01/30/2003 6:35 pm ET
Cardinals Spring Training preview
Pitching staff leaves many questions to be answered
By Matthew Leach / MLB.com
ST. LOUIS -- Shifting on the fly worked splendidly for the Cardinals pitching staff in 2002.
Half the rotation goes down to injuries? Call up an unknown from Triple-A -- and watch him become your No. 2 starter. Bullpen a little thin? Try your luck with a guy who was released by the Rockies and another guy who had an ERA over 6.00 with the Cubs.
And it all panned out. St. Louis wound up with the National League's fourth-best ERA, behind only the perennially pitching-strong Braves and two teams that play in pitching havens (San Francisco and Los Angeles). It panned out thanks to magnificent efforts from pitchers such as Jason Simontacchi, Rick White, Jeff Fassero and Andy Benes.
Now, the Cardinals will try to make it happen again. With significant turnover in the bullpen and only three spots settled in the starting rotation, the Redbirds are hoping for another year like last year.
"We were very strong at the end of the year, but potentially we could be better with the club we have," said general manager Walt Jocketty. "I can't make an evaluation until these guys are throwing, and we see how healthy they are. But potentially, I think they could be better than last year."
That would be quite a story. Very little is settled about the Redbirds staff as report date approaches.
Matt Morris is already slated to start Opening Day, but besides that, what? Brett Tomko is expected to be the No. 3 starter. Steve Kline and Fassero are the lefty relievers. And pretty much every other pitching role has some sort of question mark attached.
Woody Williams has been absolutely brilliant since the Padres traded him to St. Louis in 2001, but side injuries plagued him throughout the '02 campaign. If he's healthy, he's the No. 2 starter. But until he makes 30 starts, there will be some doubts.
"What he had last year was nothing that affected his elbow or shoulder, nothing that affected his arm," Jocketty said. "It was his side. And those things should heal. It should heal without further complication."
But Williams is one of the surer things in this mix. One thing the Cardinals know -- if Williams pitches, he is likely to pitch well. The back of the rotation is more unsettled than that.
Simontacchi gave the team lift after lift in 2002, ranking second on the staff in starts, innings and wins. But he came from out of nowhere to do it, and it's hard to shake the suspicion that he might not be able to do it again. The 11-game winner is not assured of a starting spot.
Garrett Stephenson, who has missed nearly all of the last two years with injuries, will compete for a spot in the starting rotation. Cal Eldred hasn't made 25 starts in a season since 1997. Dustin Hermanson pitched all of 22 innings in 2002 because of a groin injury.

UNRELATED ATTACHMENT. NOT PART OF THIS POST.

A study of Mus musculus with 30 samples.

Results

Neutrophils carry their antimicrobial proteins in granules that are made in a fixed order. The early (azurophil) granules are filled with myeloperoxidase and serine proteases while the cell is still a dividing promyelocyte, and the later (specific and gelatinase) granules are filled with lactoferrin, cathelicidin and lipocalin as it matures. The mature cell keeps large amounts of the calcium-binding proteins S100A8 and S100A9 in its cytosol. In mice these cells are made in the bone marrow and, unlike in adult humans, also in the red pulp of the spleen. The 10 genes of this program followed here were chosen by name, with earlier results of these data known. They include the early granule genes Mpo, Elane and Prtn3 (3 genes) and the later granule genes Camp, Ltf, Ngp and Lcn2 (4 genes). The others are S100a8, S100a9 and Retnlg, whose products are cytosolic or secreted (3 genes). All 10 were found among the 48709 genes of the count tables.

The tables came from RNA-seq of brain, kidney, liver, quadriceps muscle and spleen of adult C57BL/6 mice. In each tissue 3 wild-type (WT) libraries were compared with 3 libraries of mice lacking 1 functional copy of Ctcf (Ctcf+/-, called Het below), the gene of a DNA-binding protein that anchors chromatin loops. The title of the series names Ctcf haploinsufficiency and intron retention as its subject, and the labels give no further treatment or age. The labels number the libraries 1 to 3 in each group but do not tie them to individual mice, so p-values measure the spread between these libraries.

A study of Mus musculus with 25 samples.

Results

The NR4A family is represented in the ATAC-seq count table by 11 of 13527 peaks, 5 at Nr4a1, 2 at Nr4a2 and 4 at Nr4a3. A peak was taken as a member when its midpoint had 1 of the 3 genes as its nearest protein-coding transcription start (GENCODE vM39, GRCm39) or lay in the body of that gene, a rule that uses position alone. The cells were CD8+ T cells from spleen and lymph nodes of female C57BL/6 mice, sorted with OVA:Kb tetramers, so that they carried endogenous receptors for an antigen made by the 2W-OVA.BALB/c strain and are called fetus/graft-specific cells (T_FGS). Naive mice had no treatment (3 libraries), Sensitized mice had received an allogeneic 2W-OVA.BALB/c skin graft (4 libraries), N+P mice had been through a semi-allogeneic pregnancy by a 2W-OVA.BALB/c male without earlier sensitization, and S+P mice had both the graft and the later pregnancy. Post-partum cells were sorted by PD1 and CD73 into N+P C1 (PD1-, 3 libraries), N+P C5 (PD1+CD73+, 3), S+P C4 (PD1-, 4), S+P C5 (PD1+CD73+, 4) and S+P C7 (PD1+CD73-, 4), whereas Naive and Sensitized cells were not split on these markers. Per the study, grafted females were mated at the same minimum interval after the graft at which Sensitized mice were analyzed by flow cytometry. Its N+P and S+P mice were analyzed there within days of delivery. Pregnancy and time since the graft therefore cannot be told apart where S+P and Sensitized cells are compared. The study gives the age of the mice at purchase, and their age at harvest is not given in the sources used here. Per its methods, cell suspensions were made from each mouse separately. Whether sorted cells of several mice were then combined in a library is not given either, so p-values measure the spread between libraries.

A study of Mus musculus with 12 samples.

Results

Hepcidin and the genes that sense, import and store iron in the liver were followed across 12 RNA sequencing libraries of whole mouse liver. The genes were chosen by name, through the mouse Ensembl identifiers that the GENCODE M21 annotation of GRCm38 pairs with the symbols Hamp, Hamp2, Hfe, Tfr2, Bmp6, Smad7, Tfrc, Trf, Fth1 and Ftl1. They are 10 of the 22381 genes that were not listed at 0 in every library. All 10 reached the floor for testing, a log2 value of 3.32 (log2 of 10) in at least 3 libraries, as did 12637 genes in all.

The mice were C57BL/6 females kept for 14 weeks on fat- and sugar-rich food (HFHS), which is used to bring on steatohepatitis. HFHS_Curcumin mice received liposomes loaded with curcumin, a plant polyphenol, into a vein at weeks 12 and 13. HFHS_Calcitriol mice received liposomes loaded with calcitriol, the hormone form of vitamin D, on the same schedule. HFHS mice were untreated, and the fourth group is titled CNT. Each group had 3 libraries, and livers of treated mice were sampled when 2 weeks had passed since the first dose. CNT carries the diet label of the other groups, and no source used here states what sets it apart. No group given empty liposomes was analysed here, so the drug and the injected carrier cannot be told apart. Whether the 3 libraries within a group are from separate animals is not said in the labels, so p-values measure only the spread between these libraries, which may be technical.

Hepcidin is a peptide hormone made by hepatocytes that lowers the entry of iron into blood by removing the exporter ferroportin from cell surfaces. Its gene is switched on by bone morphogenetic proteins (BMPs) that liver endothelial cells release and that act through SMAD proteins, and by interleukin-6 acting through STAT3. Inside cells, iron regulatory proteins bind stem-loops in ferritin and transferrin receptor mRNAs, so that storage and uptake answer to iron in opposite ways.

All three will battle with Simontacchi for the fourth and fifth spots in the rotation. Hermanson could end up in the bullpen if he doesn't win a starting job, while Simontacchi could be ticketed for Triple-A Memphis if he doesn't crack the rotation.
Of all of them, Eldred is the sleeper. It's hard for Jocketty to contain his enthusiasm when he talks about the 35-year-old right-hander, who will be in camp on a minor-league contract.
"Our scouts (saw him pitch) down in Arizona," said Jocketty. "He threw well. The only question with Eldred really is his health. In the exam that he had ... before Christmas, he was very healthy, very strong. Looked like he's fully recovered. It's another case where he had an (elbow) injury that was never probably given proper time to heal. Now he's been off for a year and a half and we believe that it has healed. If it has, he should be the quality pitcher he was before he got hurt."
Oh, and by the way, in addition to the uncertainties in the rotation, the closer is coming back from shoulder surgery.
Jason Isringhausen enjoyed a superb season in his first year as a Cardinal, but he was slowed by injuries a couple of times. After the season ended, he had a surgical procedure to "clean out" his shoulder, a similar operation to the one Darryl Kile underwent the previous offseason.
It means "Izzy" will be limited in the early going, but the team believes he will be fine eventually. In the meantime, there will be opportunities for other pitchers to step forward -- especially Al Levine, who becomes the primary right-handed setup man and closer-in-waiting.
Levine was one of baseball's best relievers from 1999-2001, but he scuffled in '02. The Cardinals are counting on a return to form in his first tour of the National League.
"He had pretty good numbers," Jocketty said. "He had a pretty good year. I'm not concerned at all about the bullpen. We've got more depth now. We've got two solid left-handers. Joey Hamilton proved he could pitch well out of the bullpen, and Levine had a good year.
"The only concern is with Izzy, but I think everyone expects him to be 100 percent. Whether it will be right at the beginning of the season or not is still something that has to be found out in Spring Training. But I like the depth of our bullpen."
There's no doubt the Cardinals have enough talent on hand if everything breaks right -- and nothing breaks. They have seven guys who could be capable starters, and who knows how many potential relievers. But there's still plenty to sort out as report date approaches.
But isn't that part of what makes Spring Training fun?
Matthew Leach is a reporter for MLB.com. He can be reached at Matthew_H_Leach@yahoo.com. This story was not subject to the approval of Major League Baseball or its clubs.